Egypt's constitutional crisis (continued)

The Islamist majority in the Egyptian parliament appears to have badly overplayed its hand with its attempt to rush the formation of the constituent assembly and impose a majority of its own pre-selected candidates without negotiation. Liberal, secular, labour and other representatives (including those of the Coptic Church, Al Azhar and the Supreme Constitutional court) have withdrawn from the assembly, and negotiations to convince them to come back have been unfruitful. The assembly's legitimacy is so tarnished (and its collection of members so arbitrary, unrepresentative, and in some cases undistinguished) that it really would probably be better to start over. 

As the negotiations drag on, AUC professor, Marxist activist and advisor to moderate Islamist presidential candidate Abdel Moneim Abul Fotouh Rabab El-Mahdi makes some good common-sense points to those critial of the Islamist-selected assembly about what they should be focusing on now, and the importance of process over names. The following is my own abridged (and imperfect) translation from a recent column in El Shorouk newspaper: 

Ever since parliament began forming the constituent assembly more than two weeks ago, the battle over the constitution has returned to dominate the political scene -- before our attention returns to the  presidential race once again. And despite the fact that this important, historic contest should concern the entire Egyptian people, whose social relations and relations with the nation will be shaped by this constitution, what’s deplorable is that this contest has turned into a battle between those who are called -- mistakenly -- the “madani [”civil” commonly meaning “secular” in Egypt today] forces” (liberals, nationalists and leftists) and the political Islam current or “the Islamists.” And as members began withdrawing from the the assembly, activists started to criticize the absence of this well-known emigré doctor and that dean of a college in Canada, as if the criteria for belonging to the assembly were distinction in one’s professional field; they mentioned particular names, as if those people’s presence in the assembly were the issue. The majority party presented a list clarifying the percentage of “Islamists” and “non-Islamists” and mentioning the names of Christians as if this were a sectarian battle [...]. And the name of women were mentioned not on the basis of who or what they represent but on the basis of their gender. Meanwhile some others resort to the army to annul the assembly and issue a constitutional declaration on this matter at a time when the parliamentary majority is fortified by its numerical power. And everyone forgets that conducting the battle this way will not bestow a better constitution upon us but rather will entrench a sectarian nation and military rule. Following are a few observations that have been absent from this contest.

Also check out our previous translation of parliamentarian Ziad Baha' El-Din account of how the selection of the constituent assembly took place. And blogger Zenobia's breakdown of the members (including funny instances of outright nepotism, i.e. young relatives of Muslim Brotherhood leaders being selected as "youth representatives.").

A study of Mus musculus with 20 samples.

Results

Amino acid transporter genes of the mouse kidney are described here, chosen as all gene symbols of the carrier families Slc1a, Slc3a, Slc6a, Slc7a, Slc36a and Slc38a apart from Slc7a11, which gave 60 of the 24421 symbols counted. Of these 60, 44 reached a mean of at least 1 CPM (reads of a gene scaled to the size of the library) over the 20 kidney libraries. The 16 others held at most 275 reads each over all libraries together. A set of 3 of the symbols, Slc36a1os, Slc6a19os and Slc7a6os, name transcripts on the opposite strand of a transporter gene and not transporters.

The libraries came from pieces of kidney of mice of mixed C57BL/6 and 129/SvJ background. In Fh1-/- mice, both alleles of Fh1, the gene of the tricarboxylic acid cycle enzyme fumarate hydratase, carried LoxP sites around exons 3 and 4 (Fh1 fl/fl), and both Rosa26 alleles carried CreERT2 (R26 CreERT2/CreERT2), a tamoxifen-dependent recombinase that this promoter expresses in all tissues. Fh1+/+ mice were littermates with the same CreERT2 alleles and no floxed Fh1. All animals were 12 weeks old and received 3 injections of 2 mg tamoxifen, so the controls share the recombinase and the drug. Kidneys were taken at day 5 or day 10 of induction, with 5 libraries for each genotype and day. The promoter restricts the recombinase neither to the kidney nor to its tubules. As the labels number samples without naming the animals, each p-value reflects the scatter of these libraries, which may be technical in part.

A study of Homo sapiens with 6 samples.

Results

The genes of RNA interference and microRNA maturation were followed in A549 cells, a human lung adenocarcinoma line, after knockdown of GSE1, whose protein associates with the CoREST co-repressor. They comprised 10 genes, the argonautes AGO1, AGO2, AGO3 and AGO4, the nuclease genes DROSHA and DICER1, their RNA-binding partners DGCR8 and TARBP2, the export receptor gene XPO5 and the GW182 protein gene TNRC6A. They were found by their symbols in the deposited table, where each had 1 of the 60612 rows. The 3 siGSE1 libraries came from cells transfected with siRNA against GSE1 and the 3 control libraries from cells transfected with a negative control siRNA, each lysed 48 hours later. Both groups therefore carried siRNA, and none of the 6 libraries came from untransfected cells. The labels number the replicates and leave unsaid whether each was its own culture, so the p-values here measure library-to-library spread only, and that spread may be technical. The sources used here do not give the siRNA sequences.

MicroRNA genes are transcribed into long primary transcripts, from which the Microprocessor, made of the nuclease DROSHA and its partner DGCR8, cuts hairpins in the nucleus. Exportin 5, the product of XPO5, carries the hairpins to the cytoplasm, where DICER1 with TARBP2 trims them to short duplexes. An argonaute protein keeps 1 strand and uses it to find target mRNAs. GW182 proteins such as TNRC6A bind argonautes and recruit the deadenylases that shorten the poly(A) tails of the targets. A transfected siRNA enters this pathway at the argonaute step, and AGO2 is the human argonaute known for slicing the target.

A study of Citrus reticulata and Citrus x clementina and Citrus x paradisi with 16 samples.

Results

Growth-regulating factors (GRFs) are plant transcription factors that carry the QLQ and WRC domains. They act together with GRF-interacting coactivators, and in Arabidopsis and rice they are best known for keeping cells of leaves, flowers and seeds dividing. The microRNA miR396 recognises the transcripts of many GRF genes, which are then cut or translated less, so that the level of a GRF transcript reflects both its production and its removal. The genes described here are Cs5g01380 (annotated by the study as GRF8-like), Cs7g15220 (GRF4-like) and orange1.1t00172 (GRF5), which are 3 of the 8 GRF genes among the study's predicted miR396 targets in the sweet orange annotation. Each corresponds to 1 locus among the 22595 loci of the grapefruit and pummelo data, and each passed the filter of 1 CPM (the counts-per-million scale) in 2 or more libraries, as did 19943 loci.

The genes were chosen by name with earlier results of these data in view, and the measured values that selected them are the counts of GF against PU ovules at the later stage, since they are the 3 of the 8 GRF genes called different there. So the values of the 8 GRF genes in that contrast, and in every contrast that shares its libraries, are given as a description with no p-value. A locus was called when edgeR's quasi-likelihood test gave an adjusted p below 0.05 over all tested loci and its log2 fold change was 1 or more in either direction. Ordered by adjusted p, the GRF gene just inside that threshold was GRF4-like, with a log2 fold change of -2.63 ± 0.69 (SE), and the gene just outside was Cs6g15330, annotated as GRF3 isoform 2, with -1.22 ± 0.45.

The rest El-Mahdy's column follows.

First of all the battle is not over the names or religion of members but over the absence of transparent and agreed-upon criteria according to which participants can be chosen. For example the use of the term “public personality” without any criteria or even definition for “public personality” opens the door to personal inclinations and estimations. Whereas the standards should be clear and transparent so that people trust the choices, whatever the names may be. 

Secondly, there is a difference between competing, agreeing and negotiating. Competition and agreement are two completely different mechanisms of decision-making and each is best in a given situation: Elections for example cannot take place without competition and settling votes, whereas writing a constitution must take place through negotiation and agreement, which is not happening. What’s important isn’t the numbers of each political current in the assembly but the way decisions are taken. [Which should be] in a purely procedural manner -- the consultation and coordination that took place between the two biggest parties (Freedom and Justice and El Nour) should have included representatives of the other parties and independents in parliament, rather than them being surprised by a list [of candidates] decided upon by the majority. Claiming the power of numbers in this case is what opened the door -- which still remains ajar -- to allow the entry of a repressive unelected power to settle the dispute, as we saw in the meeting of the Field Marshall with the political parties.

Thirdly, representation in the constituent assembly isn’t political representation but rather social representation and therefore the struggle must turn from the idea of minority and majority and different ideologies to thinking about the participation of representatives from all social groups including professionals, workers and farmer, using mechanisms that guarantee the widest social dialogue. The process of shaping and guaranteeing [the constitution] is a technical process for experts, but the content should be provided by all Egyptians. 

Fourthly, the political and social forces who disagree with the formation of the assembly -- and I’m among them -- should stop suggesting alternate names and numbers and should try to crystalize, alongside the rest of Egyptians, the demands and rights to be included in the constitution. Those concerned with women’s rights and feminist groups for example should stick to formulating, through wide social participation, the rights they want, rather than suggesting particular names.